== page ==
As the major party vice presidential candidates were debating in Virginia on Tuesday night, over one hundred students and activists came to the University Union to listen to Dennis Banks, the vice presidential nominee of the socialist Peace and Freedom Party.
Banks is running alongside Gloria La Riva, who has gained ballot access in eight states, including California.
Banks said that the 2016 race may be remembered as “the worst presidential election in U.S. history.”
“We’re a sick county, and we’re voting in 34 days from now for somebody that is hated,” Banks said. “So if you elect Hillary Clinton, it’s because you hated Trump, and if you elect Trump, it’s because you hated Hillary. That’s not a very good platform to win: ‘I won because I was the least hated.’ What do you say to your children and grandchildren?”
Banks said that the focus of his candidacy is to bring attention to issues affecting the American Indian community.
“Of course, I’m not running to accept the vice presidential office,” Banks said. “I’m running because there’s a forum that has to be made in this country, an ongoing forum and I’ve decided to use this to get on that forum.”
Banks’ record as an activist goes back to 1968, when he founded the American Indian Movement (AIM), a group focused on the problems Native Americans face in urban areas.
Subsequently, Banks participated in the 1969-71 American Indian occupation of Alcatraz Island and an armed occupation of Wounded Knee, South Dakota, which pitted AIM against U.S. Marshals and the FBI in 1973.
Much of Banks’ speech focused on an ongoing protest at the Standing Rock Sioux Reservation in North Dakota, where thousands of demonstrators have amassed to prevent the construction of an oil pipeline that American Indians say will destroy sites sacred to them and hurt drinking water.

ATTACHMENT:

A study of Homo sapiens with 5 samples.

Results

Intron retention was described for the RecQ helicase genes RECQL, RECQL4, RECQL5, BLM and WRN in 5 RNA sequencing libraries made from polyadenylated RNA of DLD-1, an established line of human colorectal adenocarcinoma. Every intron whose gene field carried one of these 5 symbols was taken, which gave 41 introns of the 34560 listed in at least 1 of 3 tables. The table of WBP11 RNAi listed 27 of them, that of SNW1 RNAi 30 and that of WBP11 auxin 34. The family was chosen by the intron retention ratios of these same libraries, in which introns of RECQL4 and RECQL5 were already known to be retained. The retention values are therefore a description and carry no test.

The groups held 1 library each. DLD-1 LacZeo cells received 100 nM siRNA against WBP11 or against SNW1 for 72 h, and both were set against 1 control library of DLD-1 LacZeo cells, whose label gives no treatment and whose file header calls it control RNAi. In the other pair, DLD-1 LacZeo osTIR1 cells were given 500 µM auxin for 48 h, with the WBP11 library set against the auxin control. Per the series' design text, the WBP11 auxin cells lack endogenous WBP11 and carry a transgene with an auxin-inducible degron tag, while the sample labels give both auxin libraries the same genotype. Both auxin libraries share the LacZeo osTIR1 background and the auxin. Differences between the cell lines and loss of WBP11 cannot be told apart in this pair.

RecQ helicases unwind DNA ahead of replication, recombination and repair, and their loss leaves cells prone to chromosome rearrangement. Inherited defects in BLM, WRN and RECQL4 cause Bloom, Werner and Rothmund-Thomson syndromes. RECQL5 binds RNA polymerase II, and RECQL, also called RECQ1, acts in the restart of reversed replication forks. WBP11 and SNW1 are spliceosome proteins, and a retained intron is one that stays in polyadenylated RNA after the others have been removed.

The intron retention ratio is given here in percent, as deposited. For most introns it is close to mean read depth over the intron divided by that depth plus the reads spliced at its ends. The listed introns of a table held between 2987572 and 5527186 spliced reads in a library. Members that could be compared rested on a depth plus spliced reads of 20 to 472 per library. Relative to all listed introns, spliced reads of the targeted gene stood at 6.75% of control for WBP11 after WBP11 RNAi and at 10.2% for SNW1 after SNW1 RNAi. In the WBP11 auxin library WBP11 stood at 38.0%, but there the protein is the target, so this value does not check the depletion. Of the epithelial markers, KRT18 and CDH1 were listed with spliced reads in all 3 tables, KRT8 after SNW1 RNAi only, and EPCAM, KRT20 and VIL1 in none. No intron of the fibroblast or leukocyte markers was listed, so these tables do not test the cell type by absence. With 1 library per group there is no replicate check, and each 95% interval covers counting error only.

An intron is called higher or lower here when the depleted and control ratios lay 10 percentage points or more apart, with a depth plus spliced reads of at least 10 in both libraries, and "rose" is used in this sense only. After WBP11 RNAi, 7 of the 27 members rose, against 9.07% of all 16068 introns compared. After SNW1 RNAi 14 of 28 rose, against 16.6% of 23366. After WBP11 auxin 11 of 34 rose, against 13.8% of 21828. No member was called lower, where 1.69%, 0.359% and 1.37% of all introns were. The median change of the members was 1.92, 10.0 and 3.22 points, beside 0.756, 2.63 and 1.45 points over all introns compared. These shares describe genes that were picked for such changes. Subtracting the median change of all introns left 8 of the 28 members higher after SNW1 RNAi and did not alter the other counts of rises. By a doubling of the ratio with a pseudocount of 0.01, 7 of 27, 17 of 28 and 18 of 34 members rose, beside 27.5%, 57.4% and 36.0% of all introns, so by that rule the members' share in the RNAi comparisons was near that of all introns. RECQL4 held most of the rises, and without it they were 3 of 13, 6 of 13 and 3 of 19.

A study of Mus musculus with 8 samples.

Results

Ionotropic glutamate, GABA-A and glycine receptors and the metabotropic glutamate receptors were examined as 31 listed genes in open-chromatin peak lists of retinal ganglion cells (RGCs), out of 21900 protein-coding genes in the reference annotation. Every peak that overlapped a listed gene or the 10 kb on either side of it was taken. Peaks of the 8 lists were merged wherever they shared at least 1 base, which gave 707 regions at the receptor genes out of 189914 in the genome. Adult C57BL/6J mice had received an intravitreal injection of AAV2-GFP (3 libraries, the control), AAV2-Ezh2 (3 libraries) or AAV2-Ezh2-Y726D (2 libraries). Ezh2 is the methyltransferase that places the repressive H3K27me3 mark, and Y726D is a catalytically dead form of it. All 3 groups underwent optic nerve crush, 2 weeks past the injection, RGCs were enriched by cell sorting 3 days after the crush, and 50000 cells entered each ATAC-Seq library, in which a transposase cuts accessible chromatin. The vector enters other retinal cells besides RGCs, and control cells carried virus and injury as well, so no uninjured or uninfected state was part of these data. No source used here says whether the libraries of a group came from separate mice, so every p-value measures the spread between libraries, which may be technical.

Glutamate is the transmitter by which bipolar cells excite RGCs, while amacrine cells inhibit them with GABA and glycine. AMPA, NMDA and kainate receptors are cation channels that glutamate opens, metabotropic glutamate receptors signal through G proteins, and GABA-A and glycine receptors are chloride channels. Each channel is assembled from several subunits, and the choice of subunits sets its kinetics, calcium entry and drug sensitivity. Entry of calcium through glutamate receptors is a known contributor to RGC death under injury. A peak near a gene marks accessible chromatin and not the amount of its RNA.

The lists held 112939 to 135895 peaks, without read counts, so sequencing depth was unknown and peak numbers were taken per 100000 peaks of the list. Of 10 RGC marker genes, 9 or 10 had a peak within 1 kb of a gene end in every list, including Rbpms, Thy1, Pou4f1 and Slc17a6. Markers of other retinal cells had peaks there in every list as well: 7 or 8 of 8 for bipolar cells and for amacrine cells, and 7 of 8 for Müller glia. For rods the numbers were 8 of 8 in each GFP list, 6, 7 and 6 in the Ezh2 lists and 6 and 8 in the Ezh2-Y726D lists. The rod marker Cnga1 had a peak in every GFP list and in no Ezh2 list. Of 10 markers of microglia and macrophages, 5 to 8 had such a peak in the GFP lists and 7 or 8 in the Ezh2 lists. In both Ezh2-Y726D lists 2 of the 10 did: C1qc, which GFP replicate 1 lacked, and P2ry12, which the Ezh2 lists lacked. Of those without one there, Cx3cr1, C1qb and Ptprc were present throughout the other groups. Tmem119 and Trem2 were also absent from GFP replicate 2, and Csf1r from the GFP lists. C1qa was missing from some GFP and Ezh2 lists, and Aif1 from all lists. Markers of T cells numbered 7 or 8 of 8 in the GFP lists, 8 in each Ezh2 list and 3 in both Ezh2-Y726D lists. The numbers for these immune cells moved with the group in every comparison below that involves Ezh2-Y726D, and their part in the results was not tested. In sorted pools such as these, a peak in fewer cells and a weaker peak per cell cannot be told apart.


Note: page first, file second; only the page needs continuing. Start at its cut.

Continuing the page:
“Right now the count is 6,500 (people) that are there and we announced a week ago we’re gonna make a winter camp,” Banks said. “I’m hoping for a good winter. I’d hate to have a winter go by and not use all these long underwear.”
Banks said he is moved by the outpouring of support he sees for the protesters from around the country.
“As soon as we made the announcement that we’re looking for some wood, logs, by the end of the week four tractor trailers … were bringing wood to us,” Banks said. “I don’t know what’s happening in America but somehow Standing Rock Nation is needed. It’s needed by all of us to show that no matter the color of our skin, we know that we have to pull together.”
Estevan Hernandez, a Sacramento State alum and a member of the Peace and Freedom Party State Central Committee, said that Banks is one part of a larger movement against the American status quo.
“Today we have the Black Lives Matter movement, and we have Standing Rock, and now we have (Colin) Kaepernick refusing to abide by that national anthem,” said Hernandez. “I think the point of this campaign is that there’s an alternative. There’s an alternative to capitalism. We don’t have to go to the two same old things over and over and over again.”
Banks seemed to agree with Hernandez’ sentiment, saying that not only was he related to nature but that he was also “part Palestinian, part white, part black, part Asian.”
CT Weber, the chair of the Sacramento chapter of the Peace and Freedom Party, said that he hopes people who supported Bernie Sanders during the Democratic presidential primary earlier this year will consider the La Riva-Banks ticket.
“Unfortunately, Bernie is telling his supporters to vote for Hillary Clinton and we don’t think that’s the way to build an independent political force in this country,” Weber said.